Jack Ma (C), the billionaire founder and executive chairman of Chinese e-commerce giant Alibaba Group, is applauded after delivering a speech while receiving an honorary doctorate on business administration at the University of Hong Kong of Science and Technology in Hong Kong, November 8, 2013. Seemingly slammed shut just weeks ago, the door is still ajar for Alibaba to list its shares in Hong Kong. Public comments by the Chinese e-commerce giant's founder Ma and Hong Kong politicians, blog posts from the head of the Hong Kong stock exchange, and a statement from the bourse show a thaw on a divisive issue that has captivated the Asian financial hub. REUTERS/Bobby Yip
Reuters/Bobby Yip
Jack Ma’s Alibaba is now schooling Chinese banks in wealth management.
By Gwynn Guilford
ChinaPublished Last updated This article is more than 2 years old.

If you work at a Chinese bank these days, the thing you’re probably sweating the most is vanishing deposits. Banks are only allowed to lend a certain percentage of their deposit bases. Artificially low government-set deposit rates have driven households and companies to hold their savings instead in higher-yielding products, such as wealth management products (WMPs). Fewer deposits means fewer loans—which means less interest income for banks. (Banks earn commissions off WMPs, so it’s not all bad.)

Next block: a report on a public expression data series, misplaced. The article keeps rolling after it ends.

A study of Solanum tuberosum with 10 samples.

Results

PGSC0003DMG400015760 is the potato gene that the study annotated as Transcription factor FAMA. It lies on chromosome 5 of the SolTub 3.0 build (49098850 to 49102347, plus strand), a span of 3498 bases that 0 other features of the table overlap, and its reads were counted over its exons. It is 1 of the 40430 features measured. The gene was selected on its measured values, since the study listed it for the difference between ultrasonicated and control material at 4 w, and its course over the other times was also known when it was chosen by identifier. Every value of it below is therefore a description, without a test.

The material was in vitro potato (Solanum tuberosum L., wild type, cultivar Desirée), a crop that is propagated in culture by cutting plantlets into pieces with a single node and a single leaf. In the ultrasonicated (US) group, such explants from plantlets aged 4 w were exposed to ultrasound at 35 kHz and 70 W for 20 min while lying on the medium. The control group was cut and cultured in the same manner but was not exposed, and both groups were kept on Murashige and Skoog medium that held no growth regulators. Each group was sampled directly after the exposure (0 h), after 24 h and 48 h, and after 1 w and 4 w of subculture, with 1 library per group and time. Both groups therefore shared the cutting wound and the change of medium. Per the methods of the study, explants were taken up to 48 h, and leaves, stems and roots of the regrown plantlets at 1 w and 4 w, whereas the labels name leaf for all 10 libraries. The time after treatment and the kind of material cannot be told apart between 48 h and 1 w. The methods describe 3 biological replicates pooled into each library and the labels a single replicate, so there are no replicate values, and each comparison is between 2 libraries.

But, in a trend we flagged in October, the Chinese internet giant Alibaba is now competing against both bank savings accounts and WMPs—and winning. In November, deposits in its investment platform, Yu E Bao, surpassed 100 billion yuan ($16.4 billion), with 30 million users—astonishing growth in just six months of operation.

Of course, 100 billion yuan is but a sliver—0.09%—of the amount in Chinese bank deposits, which totaled 103.2 trillion yuan in November. But in months when Chinese banks have lost deposits, Yu E Bao has steadily gained (for ease of comparison, the charts below use billions of yuan as the scale):

The big jumps in September and June reflect banks bringing investment products onto their balance sheets to count them as deposits in order to meet end-of-quarter reserve requirements.

And here are net deposits added to Yu E Bao:

When Alibaba launched Yu E Bao—literally, “account balance treasure”—in June, it framed it merely as an account to store the balance leftover on Taobao, Alibaba’s wildly popular e-commerce site. But Yu E Bao offers roughly 5-6% annual interest. And as this recent Financial Times piece (paywall) explains, Chinese investors find it user-friendly as well.

“There’s no point in keeping money in the bank any more. This is just as reliable, more flexible and you can earn a lot more from it,” Li Mingyang, a Shanghai-based editor, told the FT. “This is fun, almost like a computer game.”

We’ve covered in the past how Alibaba isn’t alone in offering this. Baidu launched a similar product in October, attracting one billion yuan on the first day. And now Chinese digital powerhouses Tencent and Netease are joining in. If they pull off even a fraction of Alibaba’s success, things could get even more uncomfortable for Chinese banks.